I have been taught about the concept of energy in a fairly ad-hoc way. i.e. I was simply "told" that kinetic energy equals $\frac 1 2 m v^2$, and similarly I was told what potential energy is. Then I was shown how energy is conserved over time (in a classical system).
The concept of energy sort of intuitively makes sense to me, but I'd like a better understanding than just this ad-hoc one. At one point I thought of energy as "a basic quantity that is preserved over time in physical systems as the result of the underlying equations of motion". This seems true, but there are other quantities that are preserved, such as momentum, or the function $f(s)=5.6$ which maps every element of state space to $5.6$. Hence it doesn't really help me understand the concept.
Moreover, the concept of energy emerges in wildly different areas of physics (e.g. in classical, quantum, and general relativistic physics), where the concept seems to have the same general meaning despite the differences. I can even imagine that the concept of energy could apply to dynamical systems that have absolutely nothing to do with the physical world, such as certain completely artificial simulations, so long as they satisfy certain properties.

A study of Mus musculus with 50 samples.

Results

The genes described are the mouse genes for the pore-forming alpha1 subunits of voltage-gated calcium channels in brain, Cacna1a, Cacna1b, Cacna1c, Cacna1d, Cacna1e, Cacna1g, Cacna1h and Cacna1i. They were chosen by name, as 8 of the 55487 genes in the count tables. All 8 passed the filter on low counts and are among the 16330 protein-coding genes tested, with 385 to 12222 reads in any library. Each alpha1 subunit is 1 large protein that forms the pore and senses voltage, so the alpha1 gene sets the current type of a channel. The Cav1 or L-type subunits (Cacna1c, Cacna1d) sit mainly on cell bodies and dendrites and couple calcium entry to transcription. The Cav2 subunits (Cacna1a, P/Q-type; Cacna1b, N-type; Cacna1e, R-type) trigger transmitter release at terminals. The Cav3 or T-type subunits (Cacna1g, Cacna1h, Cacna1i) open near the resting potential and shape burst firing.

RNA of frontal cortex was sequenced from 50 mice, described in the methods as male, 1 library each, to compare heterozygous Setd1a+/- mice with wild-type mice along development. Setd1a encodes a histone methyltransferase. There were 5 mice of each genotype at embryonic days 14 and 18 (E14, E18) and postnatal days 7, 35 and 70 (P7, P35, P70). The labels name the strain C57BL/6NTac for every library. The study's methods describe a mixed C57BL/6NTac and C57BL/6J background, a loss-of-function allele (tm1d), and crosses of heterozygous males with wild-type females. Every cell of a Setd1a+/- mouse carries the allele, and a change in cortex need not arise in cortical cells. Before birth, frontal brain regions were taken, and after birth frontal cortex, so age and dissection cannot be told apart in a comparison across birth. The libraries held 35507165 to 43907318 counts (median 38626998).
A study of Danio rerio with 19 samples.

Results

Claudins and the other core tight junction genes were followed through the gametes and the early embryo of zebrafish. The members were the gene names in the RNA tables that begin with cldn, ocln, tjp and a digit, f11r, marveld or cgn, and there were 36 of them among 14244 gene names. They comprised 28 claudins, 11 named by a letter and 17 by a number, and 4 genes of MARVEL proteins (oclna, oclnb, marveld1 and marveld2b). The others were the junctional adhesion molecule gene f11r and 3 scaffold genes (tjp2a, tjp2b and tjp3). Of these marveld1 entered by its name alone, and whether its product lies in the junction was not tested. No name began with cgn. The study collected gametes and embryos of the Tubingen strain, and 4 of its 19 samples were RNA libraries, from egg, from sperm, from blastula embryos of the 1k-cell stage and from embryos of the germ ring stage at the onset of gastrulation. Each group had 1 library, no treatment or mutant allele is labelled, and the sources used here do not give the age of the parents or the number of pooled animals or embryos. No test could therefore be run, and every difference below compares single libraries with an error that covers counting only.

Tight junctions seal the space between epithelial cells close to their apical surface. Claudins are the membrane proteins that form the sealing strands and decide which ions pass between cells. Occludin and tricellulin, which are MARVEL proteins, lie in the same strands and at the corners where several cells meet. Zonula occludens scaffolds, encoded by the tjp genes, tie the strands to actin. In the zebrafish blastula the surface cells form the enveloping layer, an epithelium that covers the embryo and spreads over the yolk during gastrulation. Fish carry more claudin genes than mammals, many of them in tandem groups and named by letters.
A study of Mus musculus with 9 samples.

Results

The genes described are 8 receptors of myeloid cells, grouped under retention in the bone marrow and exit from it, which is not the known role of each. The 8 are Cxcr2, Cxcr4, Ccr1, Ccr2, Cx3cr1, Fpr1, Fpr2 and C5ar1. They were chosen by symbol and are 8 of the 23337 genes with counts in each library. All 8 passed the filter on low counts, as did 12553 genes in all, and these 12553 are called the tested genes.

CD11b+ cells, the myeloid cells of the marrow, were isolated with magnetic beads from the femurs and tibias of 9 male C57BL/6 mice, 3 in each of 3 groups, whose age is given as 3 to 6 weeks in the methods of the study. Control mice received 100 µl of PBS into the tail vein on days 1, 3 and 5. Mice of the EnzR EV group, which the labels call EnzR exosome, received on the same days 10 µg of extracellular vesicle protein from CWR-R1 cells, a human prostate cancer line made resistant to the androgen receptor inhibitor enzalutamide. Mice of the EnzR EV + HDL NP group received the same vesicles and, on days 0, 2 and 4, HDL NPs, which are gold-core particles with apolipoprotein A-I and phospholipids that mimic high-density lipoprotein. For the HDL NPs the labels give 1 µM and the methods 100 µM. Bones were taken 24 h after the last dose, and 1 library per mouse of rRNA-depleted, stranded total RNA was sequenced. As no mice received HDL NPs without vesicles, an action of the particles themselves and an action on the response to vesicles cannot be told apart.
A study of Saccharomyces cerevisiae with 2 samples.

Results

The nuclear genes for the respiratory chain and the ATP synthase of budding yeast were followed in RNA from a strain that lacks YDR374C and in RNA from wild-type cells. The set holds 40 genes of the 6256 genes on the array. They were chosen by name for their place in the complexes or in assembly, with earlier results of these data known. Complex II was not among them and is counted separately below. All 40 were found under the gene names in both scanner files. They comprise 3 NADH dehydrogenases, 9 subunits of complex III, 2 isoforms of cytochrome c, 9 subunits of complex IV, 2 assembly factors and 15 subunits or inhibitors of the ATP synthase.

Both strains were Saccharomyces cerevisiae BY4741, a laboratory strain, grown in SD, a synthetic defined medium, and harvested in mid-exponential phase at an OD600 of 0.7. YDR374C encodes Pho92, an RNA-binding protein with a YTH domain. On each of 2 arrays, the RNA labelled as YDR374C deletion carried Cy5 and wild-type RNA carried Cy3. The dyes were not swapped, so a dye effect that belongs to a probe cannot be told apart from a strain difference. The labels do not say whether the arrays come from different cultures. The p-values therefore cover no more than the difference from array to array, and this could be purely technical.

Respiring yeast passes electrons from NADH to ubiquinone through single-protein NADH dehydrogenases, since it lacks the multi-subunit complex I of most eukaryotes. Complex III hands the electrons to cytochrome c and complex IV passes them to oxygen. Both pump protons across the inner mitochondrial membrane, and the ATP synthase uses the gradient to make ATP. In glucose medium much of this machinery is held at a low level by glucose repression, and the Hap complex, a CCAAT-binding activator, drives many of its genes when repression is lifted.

What is the most general conception/definition of energy? i.e. one that makes the least amount of assumptions about the underlying system (perhaps even so that the underlying system is not a "physical" system but an element from some more general set of dynamical systems).
I know that energy is conserved, but this doesn't distinguish it from other conserved quantities.
Noether's theorems imply that there is a quantity that is conserved due to time translation invariance. Is it conceptually insightful to see this as the "definition" of energy? If not, what is the most general definition of energy? And why does time translation invariance induce a conserved quantity that has such an important role in physics?